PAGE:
Pacific Northwest, so much to answer for
Marie M. Malvar, 18, was picked up by Gary Ridgway on April 30, 1983 near a store of Pacific Highway South in Seattle. Her boyfriend tried to keep track of the vehicle but lost it in traffic. When Marie did not return home, her boyfriend managed to track down Ridgway's distinctive truck and, along with Malvar's father, brought the police to the front door of one of the worst serial killers of women in US history- near the beginning of his murder spree.
The police did not find Malvar's dad or her boyfriend believable - even though it was well known that a killer was picking up prostitutes in the Sea-Tac area of Seattle and killing them. (This is why Malvar's bf tried to follow Ridgway's truck-those engaged in these transactions were also aware that a killer was afoot. People were trying to keep track of the licenses of johns.)
Marie Malvar's partial remains were found in 2003 west of Auburn- with the help of Gary Ridgway who had pled guilty to her murder .
Ridgway of Seattle, Washington was apprehended as being the Green River Killer in November 2001 using a DNA sample in police possession since 1987. He pled guilty to the murders of 49 women to avoid the death penalty. He has admitted to killing at least 71. He is serving LWOP in Walla Walla state prison. Ridgway had been killing women since at least 1980.
The total number of his victims remains unknown and many woman remain unaccounted for but are believed to have been killed by him. As a condition of his plea deal, he is required to help find the remains of his still missing victims but he has not participated in such since right after his conviction. Police had his biological evidence since 1987 and were led directly to him in 1983 but failed to apprehend and stop him, allowing his murder spree to extend through 2 decades- if not longer. He has referred to raping and killing women as his "career".
Ridgway is 72. At the beginning of the Covid scamdemic, there was an effort to have senior inmates in Washington state, like Ridgway, released because they were statistically more at risk to illness due to their ages and their close confinement.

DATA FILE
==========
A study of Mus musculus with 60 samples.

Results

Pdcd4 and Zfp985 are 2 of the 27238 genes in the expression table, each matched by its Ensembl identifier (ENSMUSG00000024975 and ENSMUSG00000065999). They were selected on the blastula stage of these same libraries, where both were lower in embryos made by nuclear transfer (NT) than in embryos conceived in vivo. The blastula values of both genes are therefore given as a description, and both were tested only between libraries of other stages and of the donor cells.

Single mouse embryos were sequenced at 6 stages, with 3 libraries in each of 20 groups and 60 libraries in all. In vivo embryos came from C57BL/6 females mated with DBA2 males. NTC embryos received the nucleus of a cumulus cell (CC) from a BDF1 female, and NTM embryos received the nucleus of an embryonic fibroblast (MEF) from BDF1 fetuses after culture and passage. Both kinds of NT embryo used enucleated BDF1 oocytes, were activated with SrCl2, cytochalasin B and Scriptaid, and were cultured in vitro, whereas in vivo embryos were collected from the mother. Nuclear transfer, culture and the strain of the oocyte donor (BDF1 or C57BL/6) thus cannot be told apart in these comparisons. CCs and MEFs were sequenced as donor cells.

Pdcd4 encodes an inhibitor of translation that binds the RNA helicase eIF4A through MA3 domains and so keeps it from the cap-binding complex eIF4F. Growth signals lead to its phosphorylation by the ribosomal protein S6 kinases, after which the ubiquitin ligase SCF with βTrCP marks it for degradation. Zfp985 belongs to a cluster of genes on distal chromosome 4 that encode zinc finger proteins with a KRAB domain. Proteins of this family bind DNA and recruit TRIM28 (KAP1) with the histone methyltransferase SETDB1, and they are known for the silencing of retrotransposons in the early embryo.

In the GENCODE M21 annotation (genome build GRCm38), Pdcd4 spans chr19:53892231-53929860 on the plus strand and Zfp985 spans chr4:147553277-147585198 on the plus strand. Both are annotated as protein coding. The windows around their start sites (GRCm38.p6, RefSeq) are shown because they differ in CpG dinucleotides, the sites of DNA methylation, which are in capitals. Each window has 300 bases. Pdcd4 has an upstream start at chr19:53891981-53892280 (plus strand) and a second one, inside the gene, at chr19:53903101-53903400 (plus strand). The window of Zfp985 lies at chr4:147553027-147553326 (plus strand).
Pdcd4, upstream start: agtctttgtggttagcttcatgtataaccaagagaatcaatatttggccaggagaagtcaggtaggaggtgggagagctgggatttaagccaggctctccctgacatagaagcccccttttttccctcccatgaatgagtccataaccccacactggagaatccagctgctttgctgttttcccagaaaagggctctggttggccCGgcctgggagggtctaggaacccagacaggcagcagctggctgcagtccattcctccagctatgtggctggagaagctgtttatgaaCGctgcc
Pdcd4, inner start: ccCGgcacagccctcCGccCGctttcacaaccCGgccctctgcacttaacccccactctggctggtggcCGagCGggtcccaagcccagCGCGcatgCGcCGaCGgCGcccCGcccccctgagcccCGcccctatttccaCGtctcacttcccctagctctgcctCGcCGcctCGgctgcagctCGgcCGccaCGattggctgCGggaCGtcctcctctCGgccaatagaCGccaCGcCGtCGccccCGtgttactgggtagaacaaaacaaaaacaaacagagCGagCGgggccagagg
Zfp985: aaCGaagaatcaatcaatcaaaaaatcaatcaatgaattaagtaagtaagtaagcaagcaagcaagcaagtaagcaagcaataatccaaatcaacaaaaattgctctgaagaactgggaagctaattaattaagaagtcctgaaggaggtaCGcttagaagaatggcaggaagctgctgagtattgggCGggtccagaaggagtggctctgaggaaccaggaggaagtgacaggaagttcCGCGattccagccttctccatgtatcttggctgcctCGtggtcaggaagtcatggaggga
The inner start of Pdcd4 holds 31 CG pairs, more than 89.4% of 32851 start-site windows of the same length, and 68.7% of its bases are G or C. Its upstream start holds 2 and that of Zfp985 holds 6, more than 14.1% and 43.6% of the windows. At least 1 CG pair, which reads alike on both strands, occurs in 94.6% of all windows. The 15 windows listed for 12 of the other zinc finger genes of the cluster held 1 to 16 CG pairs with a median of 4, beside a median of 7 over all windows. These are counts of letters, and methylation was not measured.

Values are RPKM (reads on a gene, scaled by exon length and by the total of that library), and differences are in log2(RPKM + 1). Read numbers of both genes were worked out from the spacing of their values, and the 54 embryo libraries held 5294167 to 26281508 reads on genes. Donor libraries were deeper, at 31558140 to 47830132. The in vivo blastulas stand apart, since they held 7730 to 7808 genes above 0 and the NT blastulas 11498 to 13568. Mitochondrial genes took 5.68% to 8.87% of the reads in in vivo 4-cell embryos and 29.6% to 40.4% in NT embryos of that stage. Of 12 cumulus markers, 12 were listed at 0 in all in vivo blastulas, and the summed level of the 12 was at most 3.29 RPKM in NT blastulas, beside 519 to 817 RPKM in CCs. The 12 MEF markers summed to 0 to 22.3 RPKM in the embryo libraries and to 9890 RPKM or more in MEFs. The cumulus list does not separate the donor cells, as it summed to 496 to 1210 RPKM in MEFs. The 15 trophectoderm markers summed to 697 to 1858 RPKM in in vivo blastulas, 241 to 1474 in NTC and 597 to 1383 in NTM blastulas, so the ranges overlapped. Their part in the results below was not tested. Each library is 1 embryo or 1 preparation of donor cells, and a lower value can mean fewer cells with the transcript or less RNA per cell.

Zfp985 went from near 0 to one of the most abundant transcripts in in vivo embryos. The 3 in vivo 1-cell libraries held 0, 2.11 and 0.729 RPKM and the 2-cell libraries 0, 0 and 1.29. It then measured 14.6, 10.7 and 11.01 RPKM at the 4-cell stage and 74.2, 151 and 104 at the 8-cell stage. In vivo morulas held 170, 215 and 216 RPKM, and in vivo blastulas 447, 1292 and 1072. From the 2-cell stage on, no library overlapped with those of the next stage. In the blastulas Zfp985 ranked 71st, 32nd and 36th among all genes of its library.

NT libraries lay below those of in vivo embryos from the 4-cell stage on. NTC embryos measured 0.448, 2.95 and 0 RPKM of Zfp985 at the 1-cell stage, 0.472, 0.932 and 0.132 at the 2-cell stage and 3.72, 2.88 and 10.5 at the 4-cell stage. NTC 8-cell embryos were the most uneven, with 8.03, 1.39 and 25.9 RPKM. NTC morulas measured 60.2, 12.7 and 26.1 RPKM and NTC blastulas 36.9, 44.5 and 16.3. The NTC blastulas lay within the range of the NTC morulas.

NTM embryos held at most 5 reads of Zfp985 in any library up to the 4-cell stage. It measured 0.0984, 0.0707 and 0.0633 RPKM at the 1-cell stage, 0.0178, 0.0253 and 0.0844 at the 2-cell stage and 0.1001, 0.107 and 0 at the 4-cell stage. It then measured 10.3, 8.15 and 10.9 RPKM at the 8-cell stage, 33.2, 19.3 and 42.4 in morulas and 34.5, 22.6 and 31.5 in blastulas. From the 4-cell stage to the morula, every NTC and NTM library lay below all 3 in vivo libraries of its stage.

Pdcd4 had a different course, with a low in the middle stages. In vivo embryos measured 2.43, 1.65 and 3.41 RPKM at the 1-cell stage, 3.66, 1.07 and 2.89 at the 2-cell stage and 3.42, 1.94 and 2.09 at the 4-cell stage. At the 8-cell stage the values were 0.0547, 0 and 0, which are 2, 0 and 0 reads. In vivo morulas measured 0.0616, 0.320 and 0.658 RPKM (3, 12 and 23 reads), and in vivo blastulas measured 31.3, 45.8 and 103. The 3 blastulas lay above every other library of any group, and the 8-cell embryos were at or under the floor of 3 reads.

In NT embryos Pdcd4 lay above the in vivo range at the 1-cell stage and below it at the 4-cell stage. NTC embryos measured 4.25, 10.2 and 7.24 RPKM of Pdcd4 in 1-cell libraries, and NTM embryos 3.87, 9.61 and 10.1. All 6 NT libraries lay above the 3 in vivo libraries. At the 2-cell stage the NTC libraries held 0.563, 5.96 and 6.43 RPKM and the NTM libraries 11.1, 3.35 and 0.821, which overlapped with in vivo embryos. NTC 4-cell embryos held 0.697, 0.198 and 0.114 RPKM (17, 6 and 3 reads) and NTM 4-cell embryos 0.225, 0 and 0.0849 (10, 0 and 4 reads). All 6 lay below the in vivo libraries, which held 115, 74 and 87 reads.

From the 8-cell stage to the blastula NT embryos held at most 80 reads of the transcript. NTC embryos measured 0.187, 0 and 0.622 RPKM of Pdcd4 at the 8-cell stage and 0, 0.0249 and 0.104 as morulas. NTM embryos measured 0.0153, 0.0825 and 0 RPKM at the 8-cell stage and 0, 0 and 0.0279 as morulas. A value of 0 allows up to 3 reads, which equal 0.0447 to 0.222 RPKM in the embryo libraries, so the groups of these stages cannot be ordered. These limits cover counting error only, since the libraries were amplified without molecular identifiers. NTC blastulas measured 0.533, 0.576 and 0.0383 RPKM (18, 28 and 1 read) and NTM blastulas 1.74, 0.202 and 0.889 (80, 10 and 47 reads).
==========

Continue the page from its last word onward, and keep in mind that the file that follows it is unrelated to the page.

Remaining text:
Gary Ridgway confessed to the more serial murders of women than any other serial killer in the history of our country. He raped and strangled to death some near children- runaway teens. He went back to where he dumped bodies and violated the corpses. And the hearts of some elected officials in Washington bled over the thought that he might catch a cold and die.
Imagine hearing that and being the mother, father, sister, brother, or child of one of the 71 women Ridgway murdered and dumped in the Green River or discarded like trash in the woods? Imagine knowing your daughter or sister or mother would still be alive and not a grim statistic if the police had believed Marie Malvar's boyfriend and father nearly 20 years before the killing finally stopped ?
"I don't know how to describe the pain. It's inside. There's no words for it. I have gone on with my life in the last 20 years and feel that I have become probably a fairly confident and articulate person, and find that it all fails me at this moment.
"I want to go back to Nov. 5, in fact probably a little shortly before that, when I heard about this [Ridgway's plea deal, sparing him the death sentence] and I became very angry. I haven't known that kind of anger in my life before. I didn't know how to deal with it. Since that time, I've been able to process what all this anger is, and besides it being the obvious, the person who sold his soul for his deviancy, there is a secondary fallout that has affected our lives and caused great pain. I believe we've been sold by the prosecutor for not giving us the justice that we could expect. I believe also that he made the deal because of so many that were unknown. I have a very unpopular opinion. Sometimes unpopular opinions are the truth. I believe had the investigations gone right in the last 20 years, many of us would not be in this court today. I believe we still are victimized by some politically ambitious careers. The self-proclaimed heroes have put the victims and their families on a shelf. At our expense, they come forward." - Helen Naon Dexter, mother of victim Constance Naon, Victim impact statement at sentencing trial of Gary Ridgway.